By Heather McLean, Instructor, Southern Crane Kungfu

I have been asked several times over the past couple of weeks about San Zhan, the first of the basic 16 patterns in our system, by new members. The first question I have been asked is why is it so important, and the second is why are there other clubs with patterns also called San Zhan, even though they are working with a different style of kungfu from ours?

In answer to question one, San Zhan is the most important pattern you will ever learn because it is the foundation of all the other patterns that are going to be built on top of it. San Zhan teaches you the building blocks of our system of kungfu; you must learn San Zhan slowly and correctly, and it must continuously improve throughout the life of your kungfu career as it is always going to be your oldest, most mature pattern.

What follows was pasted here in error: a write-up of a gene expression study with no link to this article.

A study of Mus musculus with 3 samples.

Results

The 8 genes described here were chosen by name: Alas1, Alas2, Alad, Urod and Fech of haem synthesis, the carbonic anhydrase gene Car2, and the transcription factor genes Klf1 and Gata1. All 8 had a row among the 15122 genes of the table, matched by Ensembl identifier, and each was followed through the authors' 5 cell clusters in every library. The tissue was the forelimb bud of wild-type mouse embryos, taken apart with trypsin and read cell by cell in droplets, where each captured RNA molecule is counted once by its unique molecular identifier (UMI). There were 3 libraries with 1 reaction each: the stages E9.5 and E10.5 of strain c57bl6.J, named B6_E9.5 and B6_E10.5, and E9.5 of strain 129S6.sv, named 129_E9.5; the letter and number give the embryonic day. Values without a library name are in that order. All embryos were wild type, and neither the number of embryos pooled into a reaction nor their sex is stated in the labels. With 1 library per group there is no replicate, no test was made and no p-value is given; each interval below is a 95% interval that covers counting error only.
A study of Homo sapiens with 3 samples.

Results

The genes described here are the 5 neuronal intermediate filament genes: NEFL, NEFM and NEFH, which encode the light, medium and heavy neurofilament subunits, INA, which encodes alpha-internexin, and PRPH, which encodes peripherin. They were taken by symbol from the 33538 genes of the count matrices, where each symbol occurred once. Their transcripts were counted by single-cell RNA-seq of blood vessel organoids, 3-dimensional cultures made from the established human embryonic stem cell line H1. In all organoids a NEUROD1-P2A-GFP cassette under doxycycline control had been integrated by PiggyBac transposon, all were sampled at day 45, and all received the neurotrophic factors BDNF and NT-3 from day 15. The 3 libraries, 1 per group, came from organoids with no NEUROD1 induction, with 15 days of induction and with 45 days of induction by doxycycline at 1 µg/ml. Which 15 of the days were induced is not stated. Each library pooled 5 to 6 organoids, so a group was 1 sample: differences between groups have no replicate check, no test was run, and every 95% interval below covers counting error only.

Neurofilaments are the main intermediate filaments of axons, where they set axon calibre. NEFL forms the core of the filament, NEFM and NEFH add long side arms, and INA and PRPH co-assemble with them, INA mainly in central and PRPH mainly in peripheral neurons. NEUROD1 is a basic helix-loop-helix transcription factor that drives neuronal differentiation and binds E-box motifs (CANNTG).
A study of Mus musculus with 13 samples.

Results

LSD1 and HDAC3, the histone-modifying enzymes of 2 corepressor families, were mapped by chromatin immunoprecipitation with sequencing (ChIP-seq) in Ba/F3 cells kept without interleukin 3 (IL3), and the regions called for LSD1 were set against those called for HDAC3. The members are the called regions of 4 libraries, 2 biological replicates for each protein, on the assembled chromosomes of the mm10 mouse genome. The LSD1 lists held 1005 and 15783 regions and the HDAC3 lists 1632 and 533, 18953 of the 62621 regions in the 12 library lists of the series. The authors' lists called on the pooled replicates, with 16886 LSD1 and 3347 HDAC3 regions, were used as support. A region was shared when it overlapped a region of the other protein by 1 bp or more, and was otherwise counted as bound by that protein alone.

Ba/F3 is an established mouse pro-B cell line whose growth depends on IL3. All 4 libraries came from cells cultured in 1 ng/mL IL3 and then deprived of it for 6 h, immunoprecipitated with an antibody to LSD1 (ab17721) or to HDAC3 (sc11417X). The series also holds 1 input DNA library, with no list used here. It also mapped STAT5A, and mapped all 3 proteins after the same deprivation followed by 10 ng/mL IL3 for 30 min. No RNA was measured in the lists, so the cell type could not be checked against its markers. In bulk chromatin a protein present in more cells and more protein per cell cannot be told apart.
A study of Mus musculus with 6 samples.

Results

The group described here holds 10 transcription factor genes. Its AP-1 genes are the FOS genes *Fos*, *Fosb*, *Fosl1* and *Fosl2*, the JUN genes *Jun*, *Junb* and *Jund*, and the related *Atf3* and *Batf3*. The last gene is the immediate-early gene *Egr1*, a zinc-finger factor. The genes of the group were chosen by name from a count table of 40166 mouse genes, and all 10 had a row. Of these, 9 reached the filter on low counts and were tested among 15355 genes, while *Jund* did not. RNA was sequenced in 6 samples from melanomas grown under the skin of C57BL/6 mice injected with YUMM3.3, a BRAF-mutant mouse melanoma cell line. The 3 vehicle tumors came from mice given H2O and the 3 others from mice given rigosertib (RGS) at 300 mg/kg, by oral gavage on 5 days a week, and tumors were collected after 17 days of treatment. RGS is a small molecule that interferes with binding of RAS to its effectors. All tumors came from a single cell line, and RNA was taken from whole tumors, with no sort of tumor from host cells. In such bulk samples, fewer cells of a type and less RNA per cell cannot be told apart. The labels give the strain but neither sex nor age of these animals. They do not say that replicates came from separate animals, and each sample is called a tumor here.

When beginners are first taught the first pattern, they normally think they have it sorted and polished within a couple of weeks and are ready to grade. They aren’t. One thing you learn with kungfu is the more you learn, the more you realise you don’t know. Or in reverse, the arrogance of ignorance is bliss! So take it slowly. You have plenty of time.

The answer to the second question is in Fujian Province, Southern China, the first one to three patterns of many systems and styles of kungfu, including our Tiger Crane Kungfu and Yong Tai Tiger Boxing, are called San Zhan (also called Sam Chien in Hakka Chinese, or Sanchin in Japanese Okinawan Goju-Ryu karate) or Ba Bulian for the first three patterns of Calling White Crane, the first Ba Bulian of which contains the San Zhan movements.

San Zhan and Ba Bulian all tend to follow the same format, with the first two patterns being relatively similar while building on difficulty, consisting of an opening, sets of movements following the three forward and three backward stepping San Zhan, finished with a more complex movement, and the third pattern taking the student onto much more complex basics.

So keep training hard! Every time you grade we expect to see improvement in your older patterns, with the San Zhan being the one you are most proficient in. Practice, practice, practice!